Property value up

With property looming as a valuable investment, Gary Kleyn evaluates the various options.

A LOW inflationary landscape is generally not considered the ideal environment for increases in property values, however the past decade has shown that the real estate market has benefited.

While directly investing in residential property is one option, investors can also broaden their horizons by considering an investment in a property trust that gives investors, through relatively small prices, the ability to invest in large multi-million dollar properties.

Trusts also make it easier for the small player to diversify their property portfolio.

However, for those interested in direct investment, Colliers International research analyst David Cresp said he believed there were a number of options in the commercial, retail and office markets in addition to the residential market that could offer strong yields.

He said it all depended on the risks an investor was willing to take.

“Yields are looking pretty good at the moment compared to the stock market, bonds or the residential market,” Mr Cresp said.

He said that similar to all investments, the higher the yield the greater the risk. For example, properties sold with a long-term lease arrangement in place, particularly with a strong tenant such as a government agency or banks, were often sold based on a lower yield.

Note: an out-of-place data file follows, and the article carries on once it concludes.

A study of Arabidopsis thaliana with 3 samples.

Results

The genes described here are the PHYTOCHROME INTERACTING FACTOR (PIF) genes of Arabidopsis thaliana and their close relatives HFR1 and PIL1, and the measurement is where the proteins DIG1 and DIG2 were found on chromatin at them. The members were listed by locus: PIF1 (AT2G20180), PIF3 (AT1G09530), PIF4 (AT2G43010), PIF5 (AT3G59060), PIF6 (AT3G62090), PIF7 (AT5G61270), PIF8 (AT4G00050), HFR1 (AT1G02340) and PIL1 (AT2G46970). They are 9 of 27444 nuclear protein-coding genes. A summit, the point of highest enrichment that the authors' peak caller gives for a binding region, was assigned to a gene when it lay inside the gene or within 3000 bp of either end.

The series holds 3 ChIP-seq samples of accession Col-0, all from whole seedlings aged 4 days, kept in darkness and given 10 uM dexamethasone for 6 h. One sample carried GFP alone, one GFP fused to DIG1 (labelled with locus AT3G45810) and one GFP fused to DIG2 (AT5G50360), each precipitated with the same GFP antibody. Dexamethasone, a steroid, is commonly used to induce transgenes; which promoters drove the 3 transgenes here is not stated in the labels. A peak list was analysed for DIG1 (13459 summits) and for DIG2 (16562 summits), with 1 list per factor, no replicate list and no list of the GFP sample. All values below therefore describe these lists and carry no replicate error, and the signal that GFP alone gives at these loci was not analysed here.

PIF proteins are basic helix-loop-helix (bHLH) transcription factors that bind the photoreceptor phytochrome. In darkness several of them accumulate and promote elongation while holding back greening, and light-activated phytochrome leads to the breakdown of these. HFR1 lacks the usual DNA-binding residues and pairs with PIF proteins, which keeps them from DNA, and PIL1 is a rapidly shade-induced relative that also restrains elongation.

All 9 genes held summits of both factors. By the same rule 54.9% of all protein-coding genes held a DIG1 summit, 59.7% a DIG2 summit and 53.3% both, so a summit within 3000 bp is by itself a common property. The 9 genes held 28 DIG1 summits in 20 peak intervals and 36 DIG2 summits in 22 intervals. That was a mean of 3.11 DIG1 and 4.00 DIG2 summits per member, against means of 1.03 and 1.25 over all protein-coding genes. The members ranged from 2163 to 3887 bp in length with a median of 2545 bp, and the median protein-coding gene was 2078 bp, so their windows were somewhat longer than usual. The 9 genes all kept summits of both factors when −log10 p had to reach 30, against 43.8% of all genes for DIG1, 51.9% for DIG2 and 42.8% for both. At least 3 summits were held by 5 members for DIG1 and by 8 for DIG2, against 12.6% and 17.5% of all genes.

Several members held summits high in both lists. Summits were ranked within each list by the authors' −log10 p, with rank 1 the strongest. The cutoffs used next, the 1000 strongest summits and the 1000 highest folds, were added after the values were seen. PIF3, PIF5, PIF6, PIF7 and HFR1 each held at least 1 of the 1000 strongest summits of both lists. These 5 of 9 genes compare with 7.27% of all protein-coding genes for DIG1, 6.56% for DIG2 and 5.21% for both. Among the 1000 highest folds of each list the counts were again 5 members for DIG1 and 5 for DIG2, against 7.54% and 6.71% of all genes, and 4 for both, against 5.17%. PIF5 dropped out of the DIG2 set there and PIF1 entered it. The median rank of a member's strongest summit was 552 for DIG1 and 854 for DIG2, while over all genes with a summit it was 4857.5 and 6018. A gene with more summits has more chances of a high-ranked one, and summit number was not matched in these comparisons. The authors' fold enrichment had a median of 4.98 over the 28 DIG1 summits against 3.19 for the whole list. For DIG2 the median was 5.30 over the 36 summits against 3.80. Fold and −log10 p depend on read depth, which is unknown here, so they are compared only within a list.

Yields are also tightening due to a lack of good quality investment stock and the increase in demand due to the poor performance of other investment classes.

Colliers International director of commercial and investment sales Ian Mickle said the competition to acquire prime assets had resulted in yields falling to levels that would not have been thought of even five years ago.

Mr Cresp said yields currently achieved on office buildings generally ranged from 8 per cent to 10 per cent while industrial property could vary in yields from as low as 7 per cent to more than 10 per cent.

While yields have fallen in the non-residential market, they are still stronger than those achieved on residential property.

REIWA public affairs director Lino Iacomella said gross yields based on March prices had fallen to 4.6 per cent for houses. Yields on units averaged 6 per cent.